Estonian Finance ministry received substantial pension reform feedback

The draft was issued only last Wednesday, by the finance ministry, with just a week’s turnaround time (i.e. by midnight on Wednesday, Nov. 6) for feedback.

The Ministry of Foreign affairs gave the green light to the draft bill as is, perhaps unsurprisingly since the reform, which would lift the obligatory requirement for pension contributions from most employees and make it voluntary, was championed by the Isamaa party; current foreign minister Urmas Reinsalu is also from Isamaa.

Social affairs ministry

Comments from the Ministry of Social Affairs have yet to be received, but the ministry says it plans to send a five-page document with its comments on Wednesday evening.

As part of the coalition government its feedback when it comes is likely to be significant.

Much more feedback, questions, suggestions and opposition to the draft bill came from representatives of the banking, business and tax spheres.

MTA

The Tax and Customs Board (MTA) says there are practical issues it has to get to groups with concerning non-residents in the scheme, and those who have joined pension schemes in the EU as a whole.

The MTA also says that IT development to take into account the reform will cost €3 million.

The second pillar fund made use of several managed pension funds; these were often used in turn as a source of investment for business in Estonia. One of these funds, Swedbank’s has so far responded.

Swedbank pension fund

Swedbank said it opposed the move as it says it will lead to lower pensions in future, echoing a stance taken by other critics, including the opposition Reform Party.

Swedbank also suggested reducing the percentage which those withdrawing from the fund to two percent, leaving four percent from an individuals social tax contributions in either the second pillar, or the first (employer contributions).

Swedbank also said that the restriction preventing those who leave the second pillar returning to it within a ten-year period, as featured in the bill at present, was unnecessary and favors allowing a return at any time.

The bank also found that with the bill making second pillar membership voluntary, other current restrictions ought to be lifted to harmonize it with the third pillar, which consists of individuals own private pension plans if they have them.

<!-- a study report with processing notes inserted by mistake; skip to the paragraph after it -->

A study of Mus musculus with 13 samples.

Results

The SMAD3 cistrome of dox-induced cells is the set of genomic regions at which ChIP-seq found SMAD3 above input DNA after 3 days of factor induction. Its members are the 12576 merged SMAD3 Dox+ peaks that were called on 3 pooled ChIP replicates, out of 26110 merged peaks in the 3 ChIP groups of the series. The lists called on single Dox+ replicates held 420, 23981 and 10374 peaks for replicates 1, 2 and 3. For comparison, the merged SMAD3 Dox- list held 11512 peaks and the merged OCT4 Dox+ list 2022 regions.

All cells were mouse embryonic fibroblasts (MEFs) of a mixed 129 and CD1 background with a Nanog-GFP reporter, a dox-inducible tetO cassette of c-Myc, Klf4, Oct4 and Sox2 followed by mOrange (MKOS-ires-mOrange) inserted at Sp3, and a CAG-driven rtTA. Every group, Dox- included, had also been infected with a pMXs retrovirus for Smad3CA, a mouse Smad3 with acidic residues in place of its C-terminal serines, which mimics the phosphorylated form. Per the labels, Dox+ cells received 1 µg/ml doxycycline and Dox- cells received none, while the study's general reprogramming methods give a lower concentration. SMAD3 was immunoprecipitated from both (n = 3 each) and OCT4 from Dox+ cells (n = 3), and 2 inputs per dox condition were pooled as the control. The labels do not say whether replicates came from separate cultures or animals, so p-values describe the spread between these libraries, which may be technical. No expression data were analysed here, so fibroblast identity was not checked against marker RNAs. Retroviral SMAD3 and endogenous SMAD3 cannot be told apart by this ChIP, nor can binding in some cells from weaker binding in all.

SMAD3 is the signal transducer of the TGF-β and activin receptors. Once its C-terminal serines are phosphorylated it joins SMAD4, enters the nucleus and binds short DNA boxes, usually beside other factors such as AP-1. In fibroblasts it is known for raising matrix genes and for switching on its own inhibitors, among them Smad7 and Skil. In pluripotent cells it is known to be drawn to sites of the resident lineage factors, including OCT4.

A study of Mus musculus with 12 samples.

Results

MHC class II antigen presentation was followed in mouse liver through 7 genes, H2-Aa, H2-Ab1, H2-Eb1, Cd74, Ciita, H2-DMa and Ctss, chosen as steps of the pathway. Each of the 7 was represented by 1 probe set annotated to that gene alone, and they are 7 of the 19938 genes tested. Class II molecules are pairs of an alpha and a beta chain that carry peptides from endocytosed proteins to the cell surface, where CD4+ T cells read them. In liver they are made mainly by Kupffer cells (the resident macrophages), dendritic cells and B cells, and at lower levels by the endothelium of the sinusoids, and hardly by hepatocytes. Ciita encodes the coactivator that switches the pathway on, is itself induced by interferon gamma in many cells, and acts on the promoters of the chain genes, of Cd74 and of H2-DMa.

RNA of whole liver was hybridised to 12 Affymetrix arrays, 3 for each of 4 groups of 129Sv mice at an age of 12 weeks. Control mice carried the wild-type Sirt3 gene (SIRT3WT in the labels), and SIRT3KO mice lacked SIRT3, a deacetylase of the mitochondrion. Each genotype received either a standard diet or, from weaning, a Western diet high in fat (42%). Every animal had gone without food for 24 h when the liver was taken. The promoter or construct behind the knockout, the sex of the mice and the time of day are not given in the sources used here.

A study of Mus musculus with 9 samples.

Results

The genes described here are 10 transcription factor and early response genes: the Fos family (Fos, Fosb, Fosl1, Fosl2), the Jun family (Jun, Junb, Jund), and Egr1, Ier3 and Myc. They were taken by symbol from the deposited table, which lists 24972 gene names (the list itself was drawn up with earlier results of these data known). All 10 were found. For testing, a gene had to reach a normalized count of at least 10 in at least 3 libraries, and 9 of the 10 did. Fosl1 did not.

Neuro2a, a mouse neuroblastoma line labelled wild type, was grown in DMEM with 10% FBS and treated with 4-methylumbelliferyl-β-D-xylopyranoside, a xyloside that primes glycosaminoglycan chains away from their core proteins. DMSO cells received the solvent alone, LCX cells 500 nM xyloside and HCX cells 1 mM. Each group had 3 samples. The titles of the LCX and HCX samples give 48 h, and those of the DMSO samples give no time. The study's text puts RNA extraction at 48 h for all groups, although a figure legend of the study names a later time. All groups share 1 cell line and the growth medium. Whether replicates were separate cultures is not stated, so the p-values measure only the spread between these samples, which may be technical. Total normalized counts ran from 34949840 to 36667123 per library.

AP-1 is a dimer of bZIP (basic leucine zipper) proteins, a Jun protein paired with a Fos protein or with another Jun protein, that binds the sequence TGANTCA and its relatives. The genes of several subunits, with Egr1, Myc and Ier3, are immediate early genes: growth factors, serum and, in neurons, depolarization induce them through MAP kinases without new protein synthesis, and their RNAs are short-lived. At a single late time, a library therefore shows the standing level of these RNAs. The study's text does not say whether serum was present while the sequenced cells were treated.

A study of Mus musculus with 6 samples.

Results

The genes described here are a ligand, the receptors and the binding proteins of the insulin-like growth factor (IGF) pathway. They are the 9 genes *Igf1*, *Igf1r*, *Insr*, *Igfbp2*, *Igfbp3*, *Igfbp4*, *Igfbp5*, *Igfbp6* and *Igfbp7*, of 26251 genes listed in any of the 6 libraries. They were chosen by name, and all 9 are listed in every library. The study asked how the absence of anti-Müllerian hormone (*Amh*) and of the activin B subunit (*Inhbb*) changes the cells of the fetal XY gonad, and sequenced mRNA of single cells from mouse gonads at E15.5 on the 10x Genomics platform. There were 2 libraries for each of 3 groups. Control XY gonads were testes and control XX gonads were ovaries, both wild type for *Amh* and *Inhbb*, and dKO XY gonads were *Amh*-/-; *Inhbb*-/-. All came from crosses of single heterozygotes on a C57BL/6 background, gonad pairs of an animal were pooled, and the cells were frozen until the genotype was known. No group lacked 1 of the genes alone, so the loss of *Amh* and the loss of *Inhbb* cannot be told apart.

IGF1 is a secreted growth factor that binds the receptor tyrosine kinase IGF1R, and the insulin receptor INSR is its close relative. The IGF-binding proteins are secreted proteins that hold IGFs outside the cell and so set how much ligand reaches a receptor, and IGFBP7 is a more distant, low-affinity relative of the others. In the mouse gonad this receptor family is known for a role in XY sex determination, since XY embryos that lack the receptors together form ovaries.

Finance Estonia

Finally Finance Estonia, an organization representing the financial sector and promoting business and financial sector development and services and comprising around 90 representative companies, also expressed reservations about the bill.

Finance Estonia said not enough analysis had been conducted – mirroring claims by the Bank of Estonia – adding that withdrawals from the second pillar may happen too rapidly and without sufficient state backup, as well as not being a level playing field for pensioners not within the scheme (for example those above the age limit for mandatory membership when this was introduced, in 2010).

Finance Estonia also feared those withdrawing may fall victim to either scams or lose money in unsecured investments they may make with their money.

It also agreed with Swedbank about removing the 10-year return limit, and said that contributions to the second pillar could even be increased by two percentage points, as well as making non-tax contributions possible in a similar way they are to the third pillar.

Deadline is Wednesday at midnight

More suggestions and comments are likely to reach the finance ministry before midnight Wednesday, in additiont to any which may miss the deadline.

“After that [deadline], we will review all the proposals. Some of these will probably also be included in the bill,” the ministry said, according to ERR’s online news in Estonian.

The ministry unveiled its detailed pension reform plan last Wednesday, under which people could start applying for releasing second pillar from as early as summer 2020.

On Monday, IMF delegation head of Estonia mission Cheikh Anta Gueye noted concerns about the potentially rapid nature of the second pillar withdrawals, as well as those around future pension sizes in an aging population, at a press conference with finance minister Martin Helme and Bank of Estonia chief Madis Müller.

According to recent surveys, the split between those who plan to leave the scheme and those who plan to stay is roughly 50:50. Of those who plan to leave, as many as 20 percent say they might invest independently in the future, and 13 percent say they would use the money for loan repayment.